Traditional video gaming community meets the emerging DIY Biologists and Biohackers: They play a hybrid biological-digital game Mould Rush II, that allows them to manipulate living micro-organisms using computer-driven controls. Mould Rush II aims to open up a discussion on the future possibilities of how biotechnology can contribute to digital entertainment.
Mould Rush II is a ‘Farmville’ type of game with a twist: Instead of computer-generated crops, you grow and nurture real micro-organisms. There are two clans of microbes that you choose to grow. The aim is to expand your clan as much as possible during a set period of time. You control the environment, add food, reproduce new cells, and even kill off rival clan members, all done through an iPad-controlled robotic arm, that allows physical access to the living microbes inside a sealed container. The gameplay is live-streamed online, so people can watch your clan slowly expand into beautifully textured and colourful terrains, at their leisure, across the world.
Background & Motivation
Mould Rush II is a ‘biotic game’, a relatively new genre of hybrid game that integrates living cells into a digital gaming platform.
Whilst the game can be enjoyed by everyone, it is especially designed to bring two communities together: DIY biology enthusiasts who are interested in manipulating and tinkering with micro-organisms, and alternative gamers, who wish to experiment with alternative gaming platforms.
The game begins with just a few cells growing on the nutrient agar plate (which is called ‘the territory’). The players can then start to influence their growth, using the any of the below commands that can be executed by the robot. Players simply type in their command on an iPad, along with coordinates for different locations within their territory.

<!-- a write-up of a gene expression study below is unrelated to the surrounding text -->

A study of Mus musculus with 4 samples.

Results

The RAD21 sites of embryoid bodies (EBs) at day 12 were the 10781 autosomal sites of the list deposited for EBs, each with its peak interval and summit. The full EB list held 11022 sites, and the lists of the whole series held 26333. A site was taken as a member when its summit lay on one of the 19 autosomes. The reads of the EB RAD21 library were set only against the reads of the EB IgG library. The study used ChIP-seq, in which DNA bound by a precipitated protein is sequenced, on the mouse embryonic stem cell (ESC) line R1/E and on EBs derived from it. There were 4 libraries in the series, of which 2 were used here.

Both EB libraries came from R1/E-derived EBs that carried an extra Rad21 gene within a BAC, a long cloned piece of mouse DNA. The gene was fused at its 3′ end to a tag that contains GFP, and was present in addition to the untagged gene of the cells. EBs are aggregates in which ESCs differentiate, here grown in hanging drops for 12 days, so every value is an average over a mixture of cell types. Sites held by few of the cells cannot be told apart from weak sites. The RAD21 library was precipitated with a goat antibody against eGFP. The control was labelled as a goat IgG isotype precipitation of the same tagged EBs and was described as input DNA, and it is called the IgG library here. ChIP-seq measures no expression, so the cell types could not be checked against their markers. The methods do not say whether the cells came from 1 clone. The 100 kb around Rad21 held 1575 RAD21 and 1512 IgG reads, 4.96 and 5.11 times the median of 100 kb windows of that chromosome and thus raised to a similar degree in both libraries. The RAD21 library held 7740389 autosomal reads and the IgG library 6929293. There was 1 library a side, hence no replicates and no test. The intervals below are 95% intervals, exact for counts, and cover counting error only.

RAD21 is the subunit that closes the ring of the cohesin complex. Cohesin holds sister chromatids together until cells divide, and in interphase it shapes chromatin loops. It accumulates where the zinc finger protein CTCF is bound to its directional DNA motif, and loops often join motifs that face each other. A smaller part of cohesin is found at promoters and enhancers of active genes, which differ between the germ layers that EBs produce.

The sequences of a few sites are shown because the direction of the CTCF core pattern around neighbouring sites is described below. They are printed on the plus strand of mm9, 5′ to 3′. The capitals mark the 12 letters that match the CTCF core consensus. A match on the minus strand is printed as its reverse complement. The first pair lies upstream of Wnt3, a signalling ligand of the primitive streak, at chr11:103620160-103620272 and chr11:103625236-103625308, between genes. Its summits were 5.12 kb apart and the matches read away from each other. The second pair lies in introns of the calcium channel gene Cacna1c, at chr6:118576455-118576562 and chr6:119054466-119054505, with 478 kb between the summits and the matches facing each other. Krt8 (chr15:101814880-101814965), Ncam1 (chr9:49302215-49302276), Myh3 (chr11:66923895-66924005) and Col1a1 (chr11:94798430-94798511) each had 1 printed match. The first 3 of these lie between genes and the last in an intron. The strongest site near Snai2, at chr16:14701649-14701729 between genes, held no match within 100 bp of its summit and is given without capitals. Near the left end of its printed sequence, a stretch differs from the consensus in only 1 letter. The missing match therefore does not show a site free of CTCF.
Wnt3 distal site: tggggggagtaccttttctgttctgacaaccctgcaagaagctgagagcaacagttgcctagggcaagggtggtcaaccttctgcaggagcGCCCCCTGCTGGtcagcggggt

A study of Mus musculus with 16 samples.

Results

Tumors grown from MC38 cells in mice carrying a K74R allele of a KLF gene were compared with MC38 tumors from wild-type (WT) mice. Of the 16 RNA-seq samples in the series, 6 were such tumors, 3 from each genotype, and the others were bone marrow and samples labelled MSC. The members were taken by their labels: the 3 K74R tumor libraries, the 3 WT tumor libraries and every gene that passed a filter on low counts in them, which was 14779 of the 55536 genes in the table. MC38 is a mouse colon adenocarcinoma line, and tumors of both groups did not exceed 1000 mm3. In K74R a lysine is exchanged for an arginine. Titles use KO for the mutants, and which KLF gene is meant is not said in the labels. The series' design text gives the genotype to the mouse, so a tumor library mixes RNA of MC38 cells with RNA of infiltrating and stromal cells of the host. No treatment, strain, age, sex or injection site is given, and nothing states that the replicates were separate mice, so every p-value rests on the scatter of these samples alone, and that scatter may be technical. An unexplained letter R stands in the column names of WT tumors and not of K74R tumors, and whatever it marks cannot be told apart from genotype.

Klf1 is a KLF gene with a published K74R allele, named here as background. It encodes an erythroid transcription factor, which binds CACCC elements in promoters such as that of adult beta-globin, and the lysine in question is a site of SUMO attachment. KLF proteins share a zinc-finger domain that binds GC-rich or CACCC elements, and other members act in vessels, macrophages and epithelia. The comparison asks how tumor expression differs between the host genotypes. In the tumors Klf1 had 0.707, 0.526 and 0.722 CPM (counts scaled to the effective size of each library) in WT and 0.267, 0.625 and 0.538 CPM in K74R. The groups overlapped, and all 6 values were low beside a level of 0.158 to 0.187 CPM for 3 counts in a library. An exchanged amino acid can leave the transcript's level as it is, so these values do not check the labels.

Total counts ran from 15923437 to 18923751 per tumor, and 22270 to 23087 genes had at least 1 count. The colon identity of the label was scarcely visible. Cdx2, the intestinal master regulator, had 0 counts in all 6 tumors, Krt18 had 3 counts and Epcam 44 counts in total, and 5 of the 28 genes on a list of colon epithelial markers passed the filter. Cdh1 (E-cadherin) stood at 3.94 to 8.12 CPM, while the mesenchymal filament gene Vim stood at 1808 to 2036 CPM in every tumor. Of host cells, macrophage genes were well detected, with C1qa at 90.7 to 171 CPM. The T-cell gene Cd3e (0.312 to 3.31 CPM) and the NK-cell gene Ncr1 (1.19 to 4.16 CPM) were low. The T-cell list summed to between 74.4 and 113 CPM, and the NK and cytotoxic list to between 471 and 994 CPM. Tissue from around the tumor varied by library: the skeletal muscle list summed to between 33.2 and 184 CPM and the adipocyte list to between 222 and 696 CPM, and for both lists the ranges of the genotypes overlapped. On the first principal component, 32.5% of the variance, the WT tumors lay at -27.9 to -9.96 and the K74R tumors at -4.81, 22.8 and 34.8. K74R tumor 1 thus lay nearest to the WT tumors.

- Feeding: Extra nutrient can be added to the territory to promote growth
- Reproduction: Cells can be transferred from one location to the other, to start a new patch of growth
- Trading: The two rival clans can swap their cells with each other
- Killing: Players can attack the rival clan by dropping antibacterial ‘bombs’ onto their territory
Mould Rush II can be played by unlimited number of players per clan, but the robotic arm that manipulates the microbes will be controlled by one player at a time. It is played continuously over 7 days, which allows time for microbial clans to thrive and transform with time.
At the exhibition, players will interact with a robotic arm, which will respond immediately according to the player’s commands. As their commands are executed onto the microbes, they will in turn respond accordingly, over several days: They will either grow, die, or even change colour depending on the type of commands executed. Players will be able to monitor these gradual changes online, as the gameplay will be live-streamed.
Health & Safety
Since Mould Rush II involves interaction with real micro-organisms, we will work closely with the curator and health and safety officer to ensure safe and ethical interaction to take place. In terms of set up, this would mean that the microbes will be sealed securely to ensure there is no direct physical contact between the biological material and the visitors. If need be, the microbes can be located at a remote location (e.g. professional certified lab at Queen Mary University). This would still work, since the robotic arm can be controlled through the Internet.
In addition, Good Microbiological Practice will be undertaken in preparing the game, and relevant UK Government guidelines will be consulted (http://www.hse.gov.uk/pubns/misc208.pdf)
Game as Research
Mould Rush II game will form part of my on-going PhD research, at Media and Arts Technology (MAT) at Queen Mary University. Investigations into designing game of this type, and associated player experience have already been studied. They have been published in several journals and conferences. Some of them include:
R. Kim, S. Thomas, R. van Dierendonck, and S. Poslad. 2018. A New Mould Rush: Designing for a Slow Bio-Digital Game Driven by Living Micro-organisms. In Proceedings of Foundations of Digital Games Conference. Malmö, Sweden. August 7-10, 2018 (FDG’18). DOI: 10.1145/3235765.3235798.
R. Kim, S. Thomas, A. Kaniadakis, R. van Dierendonck, and S. Poslad. 2018. Microbial Integration on Player Experience of Hybrid Bio-Digital Games. INTETAIN, Guimaräes, Portugal, 20-23 November.
Full papers are available upon request.